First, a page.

Our ASDA service dog is named Trace. We took our first vacation as a family after we had welcomed him home five months prior. We checked in with the Director of Training and Placement, Kati Wolfe multiple times before we went as we were flying with him for the first time and wanted to cover all our bases. We checked on the requirements for the state that we were flying to, looked at airport maps to know where we could offer him a potty break, and triple checked the policy of the airline. We packed everything we could think of that we would need for him. Food: check! Vest: check! Leash: Check! Booties: check! Treats: check! We thought we had all our bases covered. Our destination had lots of wild chickens, so we exposed him to chickens for a couple of weeks before we left.
Our second night after we arrived, we went out to dinner and everything went perfectly. We met up with friends, who just ignored him like they were supposed to so he could focus on working. Trace stayed tucked away under the table, and no one really knew he was there. He sat by his boy and kept him calm and we actually had a nice, long leisurely dinner. It was AMAZING! One of us did not have to bolt with one of the children or go walk them around outside while everyone else ate. We were able to have a nice family dinner together on vacation with friends just like everyone else in the world. It was magical!
After dinner was a different story. While we walked around the courtyard and looked at little shops, we got quite a few people saying “beautiful dog!” or “AWWW!”. We would just say “thank you!” or smile and walk on. It was slightly annoying, but not a big deal.
Then a woman walked up to us. “What is his name?” she asked. “Trace” I responded. “I am a veterinarian and I HAVE A SERVICE DOG TOO!” She exclaimed as she dropped to her knees and started petting Trace. Trace did what most service dogs would do when someone comes into their bubble at ground level; he forgot he was in-pack (service dog vest) and soaked up the love and forgot about his boy. Meanwhile my son was becoming upset, and I was trying to disentangle the two lovebirds, while my 7-year-old daughter kept saying “She should not be touching him!”. The woman appeared to have been drinking and her teenage daughter who was clearly horrified was trying to get her mother to come away. Once the teen daughter was able to get her mother to let go, I simply had to say “Trace, let’s go!” and offer a treat as he turned away and he was back in “service dog mode” and able to recover. My son was not able to recover as quickly and was very agitated but luckily did not go into a full meltdown and elope. The whole thing was only a few minutes, but felt like forever and took a lot out of all of us.
We have noticed while we are out and about that people just can’t resist treating our service dog like a pet. Adults will talk to our dog in a high “baby” voice, put out their arms like an air hug, beckon him, and ask his name. I even had a man touch Trace repeatedly as I waited in line at the butcher shop. I have made the mistake of telling someone his name, then they say his name over and over and over, taking his focus off of his handler and creating an unsafe situation.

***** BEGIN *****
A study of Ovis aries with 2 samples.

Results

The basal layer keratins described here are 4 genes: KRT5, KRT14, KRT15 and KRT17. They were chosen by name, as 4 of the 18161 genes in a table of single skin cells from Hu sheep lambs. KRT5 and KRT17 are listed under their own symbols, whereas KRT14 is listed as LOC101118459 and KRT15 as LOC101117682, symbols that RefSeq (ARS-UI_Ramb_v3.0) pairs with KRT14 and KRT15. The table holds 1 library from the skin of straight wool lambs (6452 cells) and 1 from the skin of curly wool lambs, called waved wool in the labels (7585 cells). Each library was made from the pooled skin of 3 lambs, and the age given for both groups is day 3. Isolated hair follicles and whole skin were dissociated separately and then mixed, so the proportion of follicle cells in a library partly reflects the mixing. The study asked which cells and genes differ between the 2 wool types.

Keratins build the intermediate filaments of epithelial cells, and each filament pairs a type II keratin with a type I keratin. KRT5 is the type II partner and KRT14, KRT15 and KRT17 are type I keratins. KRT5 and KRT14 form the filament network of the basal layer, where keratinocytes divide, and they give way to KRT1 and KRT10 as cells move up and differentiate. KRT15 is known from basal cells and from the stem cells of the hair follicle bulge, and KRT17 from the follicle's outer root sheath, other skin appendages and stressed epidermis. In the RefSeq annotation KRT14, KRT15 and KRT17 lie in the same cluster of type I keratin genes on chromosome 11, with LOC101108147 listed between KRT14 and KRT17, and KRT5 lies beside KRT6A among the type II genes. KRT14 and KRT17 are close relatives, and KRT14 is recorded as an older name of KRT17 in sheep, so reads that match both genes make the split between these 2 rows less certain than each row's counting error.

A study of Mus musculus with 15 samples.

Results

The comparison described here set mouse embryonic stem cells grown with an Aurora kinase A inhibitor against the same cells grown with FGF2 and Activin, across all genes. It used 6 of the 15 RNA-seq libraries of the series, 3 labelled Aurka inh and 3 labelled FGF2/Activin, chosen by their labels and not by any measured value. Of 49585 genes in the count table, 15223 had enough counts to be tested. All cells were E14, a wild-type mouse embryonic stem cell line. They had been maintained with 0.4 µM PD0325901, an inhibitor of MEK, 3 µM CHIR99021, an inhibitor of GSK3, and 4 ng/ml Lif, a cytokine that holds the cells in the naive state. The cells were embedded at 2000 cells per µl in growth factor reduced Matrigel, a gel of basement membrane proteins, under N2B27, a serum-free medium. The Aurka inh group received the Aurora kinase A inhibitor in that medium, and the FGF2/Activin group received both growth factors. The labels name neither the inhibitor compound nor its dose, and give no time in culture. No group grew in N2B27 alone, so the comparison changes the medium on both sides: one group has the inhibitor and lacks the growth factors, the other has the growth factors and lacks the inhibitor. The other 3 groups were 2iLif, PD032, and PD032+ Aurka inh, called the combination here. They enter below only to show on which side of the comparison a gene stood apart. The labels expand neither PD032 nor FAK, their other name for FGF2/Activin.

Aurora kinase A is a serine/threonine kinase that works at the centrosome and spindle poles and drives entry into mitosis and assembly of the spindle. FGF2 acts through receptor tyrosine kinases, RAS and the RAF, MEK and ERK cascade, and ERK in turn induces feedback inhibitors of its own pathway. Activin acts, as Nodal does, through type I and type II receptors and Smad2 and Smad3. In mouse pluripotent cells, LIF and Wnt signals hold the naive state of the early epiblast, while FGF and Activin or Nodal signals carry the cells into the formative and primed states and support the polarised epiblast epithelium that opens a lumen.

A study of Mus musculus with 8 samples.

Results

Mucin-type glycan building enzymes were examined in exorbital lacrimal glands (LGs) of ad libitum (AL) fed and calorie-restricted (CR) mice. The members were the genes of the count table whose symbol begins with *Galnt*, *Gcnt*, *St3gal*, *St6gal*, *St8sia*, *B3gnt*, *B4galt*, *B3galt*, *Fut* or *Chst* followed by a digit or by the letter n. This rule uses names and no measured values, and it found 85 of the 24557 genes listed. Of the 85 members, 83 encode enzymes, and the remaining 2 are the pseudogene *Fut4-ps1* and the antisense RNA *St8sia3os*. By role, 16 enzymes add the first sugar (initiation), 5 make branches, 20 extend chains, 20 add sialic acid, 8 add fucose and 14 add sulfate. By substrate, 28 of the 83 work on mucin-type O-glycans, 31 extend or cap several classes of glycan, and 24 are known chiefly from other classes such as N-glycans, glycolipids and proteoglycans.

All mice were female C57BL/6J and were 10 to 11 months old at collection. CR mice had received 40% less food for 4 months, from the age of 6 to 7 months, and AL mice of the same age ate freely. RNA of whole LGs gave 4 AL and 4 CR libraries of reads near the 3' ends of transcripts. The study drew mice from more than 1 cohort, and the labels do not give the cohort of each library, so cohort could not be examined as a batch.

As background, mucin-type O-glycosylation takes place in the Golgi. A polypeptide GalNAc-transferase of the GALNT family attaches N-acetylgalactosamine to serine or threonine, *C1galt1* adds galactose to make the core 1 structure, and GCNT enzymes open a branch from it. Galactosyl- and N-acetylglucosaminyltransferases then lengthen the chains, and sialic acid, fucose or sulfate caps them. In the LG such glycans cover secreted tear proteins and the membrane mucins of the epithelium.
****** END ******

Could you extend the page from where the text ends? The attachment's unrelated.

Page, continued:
I stumbled on a solution. People almost always ask “What is his name?!”. One day I was in the grocery store and I needed something that a woman was standing in front of. I hung back and waited politely. She turned, noticed Trace and said “oh! What is his name?! I just love goldens!” To which I replied “Aristotle”. She began talking in a high baby-type voice to Trace saying “Aristotle! What a love you are! I used to have a dog like you Aristotle! I just love your feathers Aristotle!” Well, Trace just looked at her, then looked away. The woman said “Wow, Aristotle, you are such a serious guy!” To which I replied, “He is always serious when he is working”. It finally dawned on her that she was not supposed to be distracting a service dog (with several “DO NOT DISTRACT” patches on his pack). She said “Oh goodness I am sorry” and went on her way. It was brilliant. It did not distract Trace unduly, and the woman got a message in a kind yet firm way.
What about if your child will be bringing their service dog to school? The dog will very much be a part of the class and student body. Once again, I turned to Katie Wolfe, the Director of Training and Placement. Her suggestion? Give the kids something to do and say! She suggests letting children know that they can say “Hi!”. A little wave is okay too. That way they don’t have to work so hard to resist the urge to engage as they are still developing their impulse control, and there is minimum distraction for the dog. Minimum distraction equals MAXIMUM safety.
It’s funny because you would think children would have a hard time resisting the urge to engage a service dog, but adults are MUCH worse. Since receiving Trace I reached out to other people who have service dogs, and found out that many people choose a fake name for their service dog for this purpose. This may not be the right solution for everyone, but it works for us. Some folks I know simply walk away or ignore people, which is a very tidy way to get the point across as well. Either way, it’s wonderful to be able to be out and about doing activities that we could not do before.
Now our family has a solution that works for us and helps control and teach the untrained humans in the world. It’s also fun coming up with new creative “names” for Trace.